Blog: Roger Myers

Roger Myers is the president and CEO of Presbyterian Villages of Michigan. He is responsible for executive staff leadership and helping develop policy and strategic planning decisions. Roger will be writing about aging baby boomers in SE Michigan from an economic development perspective.

Post No. 4

What is Servant Leadership?

Many people misunderstand what Servant Leadership actually is. Many think it’s strictly a religious thing (its not). Others think it means weakness in the marketplace of ideas (wrong again). Still others think it’s really about letting others lead while you serve (nope).

Servant leadership really involves several things:

  • Putting others at the center of your motives.
  • Desiring the best for people other than you.
  • Offering leadership in order to do better for people other than yourself.
  • Serving others, which means, in part, fulfilling the desires of others before you fulfill your own desires.
  • A willingness to ignore the status quo in order to serve with excellence.
  • Building like-minded partners who have the same objectives.

Servant Leaders tend to be disruptive – but not in a bad way. They’re willing to play within existing norms if those norms are consistent with their objectives. But they have no problem dropping normalcy and taking on positive risk if it furthers the interests of those who are being served.

So what happens when an organization creates a working culture full of Servant Leaders? Quite simply, you then have lots of people serving others in ways that go beyond the expectations of those who are being served.

Feedback Says It All

We have tried to exercise Servant Leadership at Presbyterian Villages of Michigan (PVM) and we’ve largely succeeded at it. How do I know?

I read letters. Lots of letters – from seniors, adult children, staff, and others. It tells me our commitment to Servant Leadership really works. It also tells me that you don’t have to be a non profit organization or a religious institution to apply Servant Leadership to the culture of your business or organization.

Here are some excerpts from a few of the many, many letters we’ve received from residents of our villages as well as their adult children. They reinforce that our mission is about long-term living, not just long-term care:

o Compassion & engagement: Kim Rastigove, about her mom –“The nurses, aides, housekeeping and catering staff were kind, patient, and caring.”

o Inspiration to others: Kristen Flieger, granddaughter of Art & Mabel Hillagas: “My grandparents were there for years and I know they felt comfortable and safe….thank you again for taking the worry away.”

o Respect for residents & family: Marlene, niece of her Aunt Florence: “You are kind & gentle…and treated each resident as an individual, with respect.”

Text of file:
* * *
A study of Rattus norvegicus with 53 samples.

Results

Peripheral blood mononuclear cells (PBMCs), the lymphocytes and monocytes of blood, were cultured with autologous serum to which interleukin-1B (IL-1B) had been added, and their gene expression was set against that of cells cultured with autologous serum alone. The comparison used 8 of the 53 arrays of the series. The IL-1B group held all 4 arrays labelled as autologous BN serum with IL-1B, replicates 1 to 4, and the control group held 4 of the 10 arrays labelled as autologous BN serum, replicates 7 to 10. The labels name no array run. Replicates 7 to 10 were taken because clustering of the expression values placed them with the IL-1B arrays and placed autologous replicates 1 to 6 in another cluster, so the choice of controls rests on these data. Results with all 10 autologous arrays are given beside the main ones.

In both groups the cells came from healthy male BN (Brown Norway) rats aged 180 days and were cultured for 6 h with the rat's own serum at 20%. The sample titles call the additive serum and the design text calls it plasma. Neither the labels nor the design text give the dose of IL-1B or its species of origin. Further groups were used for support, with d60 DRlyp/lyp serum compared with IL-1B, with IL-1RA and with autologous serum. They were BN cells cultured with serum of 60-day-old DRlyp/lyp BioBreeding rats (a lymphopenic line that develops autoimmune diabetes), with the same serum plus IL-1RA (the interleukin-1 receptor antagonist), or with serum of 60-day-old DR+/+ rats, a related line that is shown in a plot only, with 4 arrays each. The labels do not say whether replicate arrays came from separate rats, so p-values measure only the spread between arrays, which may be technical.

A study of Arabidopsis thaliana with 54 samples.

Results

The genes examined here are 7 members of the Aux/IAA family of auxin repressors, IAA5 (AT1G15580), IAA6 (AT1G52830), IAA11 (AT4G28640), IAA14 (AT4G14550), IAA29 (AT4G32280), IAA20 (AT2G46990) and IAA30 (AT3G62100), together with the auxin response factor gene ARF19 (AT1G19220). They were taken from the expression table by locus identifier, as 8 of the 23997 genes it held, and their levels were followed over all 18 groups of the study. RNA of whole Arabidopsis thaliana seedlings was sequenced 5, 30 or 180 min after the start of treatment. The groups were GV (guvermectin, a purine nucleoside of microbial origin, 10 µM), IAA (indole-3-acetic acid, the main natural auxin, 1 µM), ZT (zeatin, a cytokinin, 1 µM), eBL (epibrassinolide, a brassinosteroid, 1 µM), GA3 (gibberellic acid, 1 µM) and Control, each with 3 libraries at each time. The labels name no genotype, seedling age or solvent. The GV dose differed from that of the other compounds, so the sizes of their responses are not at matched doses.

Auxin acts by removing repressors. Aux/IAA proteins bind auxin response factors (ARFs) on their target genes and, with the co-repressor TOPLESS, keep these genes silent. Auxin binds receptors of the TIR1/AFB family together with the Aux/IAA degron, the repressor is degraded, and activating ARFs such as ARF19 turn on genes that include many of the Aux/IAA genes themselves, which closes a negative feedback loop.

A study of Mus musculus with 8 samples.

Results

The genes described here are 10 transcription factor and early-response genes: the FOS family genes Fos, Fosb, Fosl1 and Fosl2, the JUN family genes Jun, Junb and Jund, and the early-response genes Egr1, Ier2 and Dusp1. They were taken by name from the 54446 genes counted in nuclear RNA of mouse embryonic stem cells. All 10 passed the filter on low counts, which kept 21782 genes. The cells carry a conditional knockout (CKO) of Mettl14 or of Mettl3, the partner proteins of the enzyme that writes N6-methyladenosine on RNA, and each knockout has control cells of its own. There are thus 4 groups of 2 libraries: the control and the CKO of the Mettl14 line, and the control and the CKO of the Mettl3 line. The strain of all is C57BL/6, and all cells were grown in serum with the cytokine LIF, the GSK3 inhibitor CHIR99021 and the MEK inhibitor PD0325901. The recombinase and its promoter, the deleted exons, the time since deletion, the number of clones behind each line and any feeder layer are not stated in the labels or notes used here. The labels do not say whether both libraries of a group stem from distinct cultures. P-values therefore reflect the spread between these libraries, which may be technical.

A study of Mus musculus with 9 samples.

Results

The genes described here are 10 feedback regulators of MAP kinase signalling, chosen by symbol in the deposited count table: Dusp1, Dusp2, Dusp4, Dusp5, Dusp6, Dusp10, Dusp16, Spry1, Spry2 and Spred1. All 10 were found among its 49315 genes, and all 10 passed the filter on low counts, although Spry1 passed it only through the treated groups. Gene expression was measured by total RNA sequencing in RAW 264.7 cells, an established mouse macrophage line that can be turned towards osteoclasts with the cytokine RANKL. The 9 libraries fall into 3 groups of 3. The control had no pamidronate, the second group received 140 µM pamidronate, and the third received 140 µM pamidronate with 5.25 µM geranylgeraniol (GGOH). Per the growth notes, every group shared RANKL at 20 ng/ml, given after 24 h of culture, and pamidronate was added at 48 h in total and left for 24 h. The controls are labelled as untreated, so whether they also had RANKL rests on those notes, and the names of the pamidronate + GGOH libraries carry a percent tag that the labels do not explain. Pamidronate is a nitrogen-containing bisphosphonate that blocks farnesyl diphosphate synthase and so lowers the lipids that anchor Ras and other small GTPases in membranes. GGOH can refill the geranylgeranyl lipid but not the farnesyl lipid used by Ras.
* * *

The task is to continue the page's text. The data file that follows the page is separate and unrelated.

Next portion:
o Partnership & guidance: Collette Livingston, re, her mom Julianna. “In her mind, she was convinced ‘This is the end’. But she was proven wrong...thank you for walking me through the journey of elder parents, their care and comfort, their happiness, and mine as well.”

o Fast action during trouble: Eileen Lubienski & her mom Eleanor who was hemorrhaging - “Not only do I appreciate your very willing assistance, but gentleness and care along with quick thinking and acting”.

o Healthy physical environment:– Rose Lombardo’s daughter: “The cleanliness of her room and surroundings were impeccable.”

Then again, there are other letters from adult children of seniors that shake me to my boots, because they reveal once again the profound need to a sea change in the health care industry serving elders. This one’s about basic concerns like medication:

Proper Care: Linda Feldt in Westland, re: medication reminders for mom, Dorothy: “…its such a relief that without a doubt that my mother always receives the correct medication & dosage…I did not realize just how fortunate we were until I heard horror stories from two friends of mine who have loved ones at other facilities – one was receiving the wrong medication & dosage. The other came to visit, finding their mother’s medication all over the floor.”

Servant Leadership is all about doing the right thing, regardless of circumstances. When Focus:Hope was looking for a collaboration to build a senior residential village near their Detroit campus, we rolled up our sleeves together and made it work. It was simply the right thing to do.

A lot of people will egg you on to go in other directions, but doing the very next right thing, every day, is what it’s all about. It makes living life so much simpler!

I happen to think that the very next right thing to do is serve the huge, underserved aging Boomer population through walking communities, leisure venues, more housing, and development of positive community experiences.